Last hurrah: Obama welcomes in world champion Chicago Cubs

A lot has changed in 108 years
A lot has changed in 108 years


  • Obama welcomes champs days before he leaves office
  • Cubs won their first World Series in 108 years in October

(CNN)President Barack Obama welcomed the Chicago Cubs to the White House on Monday, in one of his final acts as its occupant.

The team -- along with a strong showing of top presidential aides and allies -- celebrated their first World Series title in more than a century.
"There were a lot of sick days during the playoffs," Obama said, noting the heavy presence of Cubs fans in his administration. "One of my staff members was caught being interviewed at a bar outside of Wrigley."
    The President, who began his political career in Chicago and will build his library in the city's Jackson Park, is not a Cubs fan. He roots for their South Side neighbors, the White Sox. For that, Cubs president of baseball operations Theo Epstein offered Obama "a midnight pardon for all your indiscretions as a baseball fan."
    Obama also set political allegiances aside to congratulate the team whose co-owner, Todd Ricketts, was a donor to President-elect Donald Trump and tapped to serve as his deputy commerce secretary.
    As White House spectacles go, the Cubs' visit will likely rank as the second least likely of this inaugural week. It caps off an improbable season for a team beset for decades by an improbably long championship drought. Their last World Series victory came in 1908, when Teddy Roosevelt was president. It did not earn them a similar invitation.
    "The Cubs know what it's like to be loyal and to persevere, and to hope and suffer, and then to keep on hoping," Obama said, before calling out the names of franchise greats like Billy Williams, Ferguson Jenkins and Ryne Sandberg, all of whom made the trip. First lady Michelle Obama's favorite player growing up, Jose Cardenal, was also in the audience.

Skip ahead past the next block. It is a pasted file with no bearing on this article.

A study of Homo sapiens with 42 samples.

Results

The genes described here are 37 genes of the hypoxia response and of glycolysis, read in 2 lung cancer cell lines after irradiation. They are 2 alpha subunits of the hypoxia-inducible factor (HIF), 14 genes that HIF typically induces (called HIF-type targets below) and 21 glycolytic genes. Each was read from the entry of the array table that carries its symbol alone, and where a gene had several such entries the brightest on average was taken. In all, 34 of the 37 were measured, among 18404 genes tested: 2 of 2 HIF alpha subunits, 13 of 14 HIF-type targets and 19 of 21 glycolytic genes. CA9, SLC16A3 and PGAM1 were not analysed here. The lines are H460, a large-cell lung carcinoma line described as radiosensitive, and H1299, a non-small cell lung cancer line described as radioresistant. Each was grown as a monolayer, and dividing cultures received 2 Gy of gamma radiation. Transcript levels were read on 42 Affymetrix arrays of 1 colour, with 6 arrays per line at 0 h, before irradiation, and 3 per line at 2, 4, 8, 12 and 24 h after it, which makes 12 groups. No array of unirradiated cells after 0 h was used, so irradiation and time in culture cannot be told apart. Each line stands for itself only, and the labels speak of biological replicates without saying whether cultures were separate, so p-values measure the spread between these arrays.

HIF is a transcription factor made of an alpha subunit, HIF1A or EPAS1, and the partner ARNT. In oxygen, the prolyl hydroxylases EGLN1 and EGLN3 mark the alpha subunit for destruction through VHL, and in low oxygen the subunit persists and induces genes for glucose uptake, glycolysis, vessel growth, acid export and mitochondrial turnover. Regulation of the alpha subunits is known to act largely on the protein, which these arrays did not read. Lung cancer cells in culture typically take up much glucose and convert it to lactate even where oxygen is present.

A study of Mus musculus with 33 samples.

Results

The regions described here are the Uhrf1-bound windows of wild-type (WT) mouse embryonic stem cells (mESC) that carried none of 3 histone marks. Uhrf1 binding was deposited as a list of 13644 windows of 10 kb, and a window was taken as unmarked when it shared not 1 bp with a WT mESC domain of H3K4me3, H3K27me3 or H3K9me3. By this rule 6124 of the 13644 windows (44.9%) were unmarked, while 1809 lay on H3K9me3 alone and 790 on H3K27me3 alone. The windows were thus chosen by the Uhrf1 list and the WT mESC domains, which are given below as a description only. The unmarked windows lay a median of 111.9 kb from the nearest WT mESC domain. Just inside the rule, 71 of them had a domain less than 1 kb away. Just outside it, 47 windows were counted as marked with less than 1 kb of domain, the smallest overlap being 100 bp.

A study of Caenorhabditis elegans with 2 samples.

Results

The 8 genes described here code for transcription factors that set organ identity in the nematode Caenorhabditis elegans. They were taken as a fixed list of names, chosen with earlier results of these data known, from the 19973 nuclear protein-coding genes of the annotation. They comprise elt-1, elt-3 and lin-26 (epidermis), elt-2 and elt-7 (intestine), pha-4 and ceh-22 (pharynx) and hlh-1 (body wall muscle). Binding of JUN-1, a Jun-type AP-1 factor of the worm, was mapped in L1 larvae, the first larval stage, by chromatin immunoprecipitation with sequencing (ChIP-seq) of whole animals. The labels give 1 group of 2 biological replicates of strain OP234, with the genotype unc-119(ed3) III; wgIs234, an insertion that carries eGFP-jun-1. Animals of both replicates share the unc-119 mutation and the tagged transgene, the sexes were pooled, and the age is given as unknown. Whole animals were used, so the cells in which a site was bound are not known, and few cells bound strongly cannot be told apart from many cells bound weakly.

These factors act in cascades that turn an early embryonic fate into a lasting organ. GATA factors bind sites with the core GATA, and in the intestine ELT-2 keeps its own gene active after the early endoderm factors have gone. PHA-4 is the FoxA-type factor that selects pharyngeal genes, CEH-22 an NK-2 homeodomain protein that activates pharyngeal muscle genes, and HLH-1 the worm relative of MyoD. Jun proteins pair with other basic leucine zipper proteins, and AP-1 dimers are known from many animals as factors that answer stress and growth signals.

Congratulating Epstein, Obama noted his success as a turnaround artist -- the 43-year-old led the Boston Red Sox to two World Series wins, in 2004 and 2007, after 86 dry years -- and joked that he was trying to convince the young executive to take on another "organization that is wandering in the wilderness."
    "I've talked to him about being (Democratic National Committee) chair," Obama said to laughs. "But he's decided, wisely, to stick to baseball."
    Epstein in reply offered the President his pardon and an enviable collection of team swag, including a lifetime pass to Wrigley Field and a "W" flag -- the kind the team flies over its stadium walls after a win -- signed by the entire club.
    "Mr. President, thank you for the dignity and integrity with which you've served this country the past eight years," Epstein said, turning to look at Obama, who nodded solemnly in return.